Editor’s Note: Latino Rebels received the following open letter by Diginidad Literaria organizers on Wednesday night.
Greetings. As you must be aware, #DignidadLiteraria is a growing social movement arising in the wake of Flatiron’s publication of American Dirt and your selection of the title for Oprah’s Book Club. This confluence of events has become a critical inflection point, and an opportunity to hold a national conversation on the state of Latinx literature, representation, and dignity. We are writing you in the context of your book club’s widely-promoted “all sides” discussion on American Dirt in Tucson being recorded on Thursday, February 13th.
As writers whose mission centers narrative justice for our communities, we seek to repair harm done to our collective dignity—and yours. Your representatives participated by phone in our conversation on February 3rd with decision-makers from Macmillan, Flatiron, and others. So, you are clearly appraised of the publishing problems we discussed as well as the solutions we suggested. During the meeting, we also suggested that you meet with us. Prior to that, we issued a public statement in which we asked you to use your power and influence in publishing to facilitate a discussion between the only two sides that matter in the wake of the American Dirt fiasco: #DignidadLiteraria and other Latinx groups and the publishing industry that has systematically erased us. That’s why we’ve staged and will continue to mount national actions to bring attention to what we consider a crisis of legitimacy in publishing.
As our meeting with Macmillan, our public statements and other actions clearly illustrate, we and the thousands of Latinx people mobilizing with us have moved beyond Jeanine Cummins and American Dirt and have instead brought national attention to the real problem: the 60 million voices silenced by a publishing industry unwilling to let us tell our stories.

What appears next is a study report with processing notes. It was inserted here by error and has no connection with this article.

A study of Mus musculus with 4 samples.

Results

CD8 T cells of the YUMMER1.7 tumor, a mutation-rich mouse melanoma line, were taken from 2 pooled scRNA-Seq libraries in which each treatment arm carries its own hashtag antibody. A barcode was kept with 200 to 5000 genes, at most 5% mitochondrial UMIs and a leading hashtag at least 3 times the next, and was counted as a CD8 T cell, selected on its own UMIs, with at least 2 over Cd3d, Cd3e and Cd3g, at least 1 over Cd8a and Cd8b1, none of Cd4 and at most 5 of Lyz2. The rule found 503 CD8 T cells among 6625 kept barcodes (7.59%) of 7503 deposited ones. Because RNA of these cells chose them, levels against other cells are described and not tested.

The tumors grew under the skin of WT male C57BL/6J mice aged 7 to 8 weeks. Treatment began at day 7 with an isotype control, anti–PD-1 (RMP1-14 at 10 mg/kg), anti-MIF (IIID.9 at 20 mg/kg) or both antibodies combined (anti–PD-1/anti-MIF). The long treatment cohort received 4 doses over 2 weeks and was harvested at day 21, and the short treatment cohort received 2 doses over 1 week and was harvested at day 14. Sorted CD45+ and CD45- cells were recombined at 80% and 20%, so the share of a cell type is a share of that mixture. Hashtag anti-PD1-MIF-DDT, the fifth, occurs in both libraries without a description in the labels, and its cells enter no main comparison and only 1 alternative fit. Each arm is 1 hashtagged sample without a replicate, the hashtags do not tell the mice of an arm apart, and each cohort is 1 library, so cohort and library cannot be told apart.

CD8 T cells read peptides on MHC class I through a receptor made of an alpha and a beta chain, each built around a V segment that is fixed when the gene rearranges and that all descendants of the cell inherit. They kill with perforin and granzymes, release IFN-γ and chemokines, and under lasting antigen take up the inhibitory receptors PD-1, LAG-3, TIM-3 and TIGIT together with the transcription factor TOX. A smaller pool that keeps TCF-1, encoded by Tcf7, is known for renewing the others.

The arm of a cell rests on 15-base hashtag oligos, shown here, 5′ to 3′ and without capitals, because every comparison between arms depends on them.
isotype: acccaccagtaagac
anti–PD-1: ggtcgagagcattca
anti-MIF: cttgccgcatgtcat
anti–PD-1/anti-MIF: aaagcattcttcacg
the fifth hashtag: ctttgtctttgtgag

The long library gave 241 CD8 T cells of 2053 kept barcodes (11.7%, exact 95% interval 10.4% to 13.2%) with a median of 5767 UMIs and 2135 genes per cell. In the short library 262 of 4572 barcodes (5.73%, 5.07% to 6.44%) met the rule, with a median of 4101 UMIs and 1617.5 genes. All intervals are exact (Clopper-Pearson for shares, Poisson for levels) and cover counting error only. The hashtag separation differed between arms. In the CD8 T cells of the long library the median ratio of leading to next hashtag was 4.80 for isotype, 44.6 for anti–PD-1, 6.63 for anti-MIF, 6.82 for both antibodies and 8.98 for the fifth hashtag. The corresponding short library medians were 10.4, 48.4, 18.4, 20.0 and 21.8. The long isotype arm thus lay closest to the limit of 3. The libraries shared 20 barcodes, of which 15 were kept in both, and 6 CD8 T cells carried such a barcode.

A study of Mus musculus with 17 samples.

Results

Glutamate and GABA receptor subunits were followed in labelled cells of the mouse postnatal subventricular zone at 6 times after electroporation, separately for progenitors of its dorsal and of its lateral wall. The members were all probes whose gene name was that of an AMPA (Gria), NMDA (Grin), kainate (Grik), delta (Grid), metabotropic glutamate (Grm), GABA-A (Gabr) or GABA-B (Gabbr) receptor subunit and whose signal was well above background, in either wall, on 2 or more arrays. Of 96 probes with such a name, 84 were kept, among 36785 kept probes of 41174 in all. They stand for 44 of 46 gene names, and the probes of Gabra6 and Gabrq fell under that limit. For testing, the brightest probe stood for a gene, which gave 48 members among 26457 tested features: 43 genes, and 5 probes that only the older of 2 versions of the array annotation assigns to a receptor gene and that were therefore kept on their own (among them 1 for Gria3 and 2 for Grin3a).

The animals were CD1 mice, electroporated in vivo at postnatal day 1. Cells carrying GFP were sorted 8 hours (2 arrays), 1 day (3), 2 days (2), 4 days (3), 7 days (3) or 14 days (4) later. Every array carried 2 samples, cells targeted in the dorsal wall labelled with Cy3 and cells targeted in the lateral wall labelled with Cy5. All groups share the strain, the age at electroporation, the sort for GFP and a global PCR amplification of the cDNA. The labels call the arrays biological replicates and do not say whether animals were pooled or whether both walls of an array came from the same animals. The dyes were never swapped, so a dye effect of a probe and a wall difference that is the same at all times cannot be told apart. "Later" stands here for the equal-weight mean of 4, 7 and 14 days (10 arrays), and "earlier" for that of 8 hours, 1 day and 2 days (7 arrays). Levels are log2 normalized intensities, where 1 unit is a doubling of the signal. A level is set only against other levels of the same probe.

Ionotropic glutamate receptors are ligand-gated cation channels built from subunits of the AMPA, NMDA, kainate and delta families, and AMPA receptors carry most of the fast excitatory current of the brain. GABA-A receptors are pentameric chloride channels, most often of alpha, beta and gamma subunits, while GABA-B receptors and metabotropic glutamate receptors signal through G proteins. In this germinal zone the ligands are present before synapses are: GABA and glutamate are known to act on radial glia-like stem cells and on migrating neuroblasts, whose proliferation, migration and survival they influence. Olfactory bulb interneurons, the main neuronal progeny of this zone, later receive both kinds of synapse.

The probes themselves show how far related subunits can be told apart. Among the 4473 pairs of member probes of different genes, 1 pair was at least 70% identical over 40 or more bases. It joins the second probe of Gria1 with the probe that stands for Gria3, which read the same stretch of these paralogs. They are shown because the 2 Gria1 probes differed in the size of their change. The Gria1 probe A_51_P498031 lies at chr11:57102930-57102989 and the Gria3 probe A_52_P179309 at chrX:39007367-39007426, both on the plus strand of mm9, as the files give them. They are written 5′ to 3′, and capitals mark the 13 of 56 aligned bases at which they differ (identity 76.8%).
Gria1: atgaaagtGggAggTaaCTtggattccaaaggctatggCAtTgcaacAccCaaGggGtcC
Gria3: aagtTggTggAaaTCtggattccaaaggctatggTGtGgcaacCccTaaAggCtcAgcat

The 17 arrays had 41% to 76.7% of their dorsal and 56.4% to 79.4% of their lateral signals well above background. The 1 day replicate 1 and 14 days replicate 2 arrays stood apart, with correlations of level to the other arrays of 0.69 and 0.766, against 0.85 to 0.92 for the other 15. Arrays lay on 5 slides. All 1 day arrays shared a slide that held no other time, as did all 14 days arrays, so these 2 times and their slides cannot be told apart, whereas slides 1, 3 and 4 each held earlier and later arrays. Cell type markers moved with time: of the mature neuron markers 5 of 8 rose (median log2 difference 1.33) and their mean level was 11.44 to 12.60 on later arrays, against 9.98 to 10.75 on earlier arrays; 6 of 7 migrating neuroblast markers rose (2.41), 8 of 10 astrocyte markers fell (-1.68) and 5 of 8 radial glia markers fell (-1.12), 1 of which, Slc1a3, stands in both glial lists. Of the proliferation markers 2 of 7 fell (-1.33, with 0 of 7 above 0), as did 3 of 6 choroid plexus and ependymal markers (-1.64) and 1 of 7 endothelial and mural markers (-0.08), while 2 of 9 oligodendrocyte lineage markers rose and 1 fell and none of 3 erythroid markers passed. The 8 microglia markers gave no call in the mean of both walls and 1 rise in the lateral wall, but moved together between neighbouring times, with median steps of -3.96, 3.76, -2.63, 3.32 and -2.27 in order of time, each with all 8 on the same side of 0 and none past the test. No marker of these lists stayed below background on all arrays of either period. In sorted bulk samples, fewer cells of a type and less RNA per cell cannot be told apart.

We just held conversations in 11 U.S. cities about Latinos and the Crisis in U.S. publishing, and we did so in a rational, civil and serious manner. Whomever you’ve decided to invite to your “all-sides” Apple TV discussion, we caution you NOT to play into tried and true narratives of white victimhood that paint Latinx people as a violent, barbarian horde of censorship. Recall Flatiron’s decision to cancel the American Dirt book tour based on alleged death threats; but as your staff heard on the conference call, Macmillan representatives confirmed that Jeanine Cummins did NOT receive actual death threats. (In fact, some of us involved with #DignidadLiteraria have received—and documented—actual death threats).
Given this situation, we are sending you one last invitation to join us on a mission of repair. We would ask that, at your earliest convenience, we arrange a private sit-down with the co-founders of our movement and representatives of Presente.org. It’s imperative that we discuss the actual problem: the continued underrepresentation of Latinx authors in publishing and in your highly influential book club. There are concrete steps that you could take to support literary dignity and equity. We urge you to open your mind and heart to actual Latinos the way you have publicly declared you did to Jeanine’s fictional characters. You or your staff can reach us at firstname.lastname@example.org. We look forward to the conversation.
Thank you for listening.
#DignidadLiteraria is a Twitter hashtag and a grassroots campaign for greater Latino inclusion in the US publishing industry.